TAIPEI (Taiwan News) – After Taiwan’s envoy to APEC Morris Chang (張忠謀) raised the idea of a free trade agreement with U.S. Vice President Mike Pence on Nov. 17, two academics told CNA a potential deal faces a significant obstacle in terms of restrictions on pork imports.
Liu Meng-chun (劉孟俊), head of the First Research Division at the Taipei-based Chung-Hua Institution for Economic Research said that a prospective trade deal would bring about benefits to Taiwan’s economy, opening of Taiwan’s service industry, as well as pave the way for U.S. pork imports.
Pork imports are a sensitive subject for the Taiwanese government, with food safety and the economic wellbeing of Taiwanese pork farmers significant concerns for the government and public alike. Liu suggested the pork issue is an important factor in potential trade negotiations.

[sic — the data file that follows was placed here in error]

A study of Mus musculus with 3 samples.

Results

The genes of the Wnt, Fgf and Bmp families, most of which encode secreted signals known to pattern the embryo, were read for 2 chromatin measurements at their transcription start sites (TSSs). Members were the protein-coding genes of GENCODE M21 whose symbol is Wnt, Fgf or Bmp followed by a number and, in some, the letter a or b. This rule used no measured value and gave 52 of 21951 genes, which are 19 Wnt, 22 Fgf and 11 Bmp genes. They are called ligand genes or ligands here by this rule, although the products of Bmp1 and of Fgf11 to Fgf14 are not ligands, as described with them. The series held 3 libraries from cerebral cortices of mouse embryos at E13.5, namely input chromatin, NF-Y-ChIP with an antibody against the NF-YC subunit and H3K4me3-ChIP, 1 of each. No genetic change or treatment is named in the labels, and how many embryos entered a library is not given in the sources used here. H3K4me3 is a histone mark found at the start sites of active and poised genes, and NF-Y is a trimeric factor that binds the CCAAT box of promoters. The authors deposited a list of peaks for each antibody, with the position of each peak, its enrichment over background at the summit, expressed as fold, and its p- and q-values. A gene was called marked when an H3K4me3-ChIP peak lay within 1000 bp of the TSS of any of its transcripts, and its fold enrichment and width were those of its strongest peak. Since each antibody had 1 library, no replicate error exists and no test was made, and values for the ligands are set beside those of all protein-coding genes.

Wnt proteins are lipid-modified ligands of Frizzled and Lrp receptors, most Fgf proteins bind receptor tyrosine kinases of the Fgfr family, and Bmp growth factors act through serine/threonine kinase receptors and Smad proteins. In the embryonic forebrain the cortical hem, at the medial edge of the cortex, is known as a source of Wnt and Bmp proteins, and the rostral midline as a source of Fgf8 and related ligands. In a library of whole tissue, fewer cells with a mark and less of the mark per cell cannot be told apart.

Liu went on to say that if Taiwan and the U.S. were to ink a trade deal, it would certainly be protested by China, but in the context of the U.S.-China trade war, China’s discontent may have reduced influence on U.S. decision making.
Chou Chi (周濟), Adjunct Professor at Shih Hsin University told CNA the Trump administration has moved away from multilateral deals towards bilateral ones, and due to the size disparity between Taiwan and the U.S., a potential agreement could be somewhat conditional.
Chou said a trade deal would be economically beneficially and it is good to be more open to international markets, however a consensus within Taiwan must be reached in regards to the imported pork issue.
Chang met with Pence in a "pull-aside meeting" on the sidelines of the APEC Leaders Meeting in Papua New Guinea on Nov. 17. During the meeting, media reports suggest Chang raised the idea of opening trade negotiations between the two nations, and Pence said he would relay the message to Washington.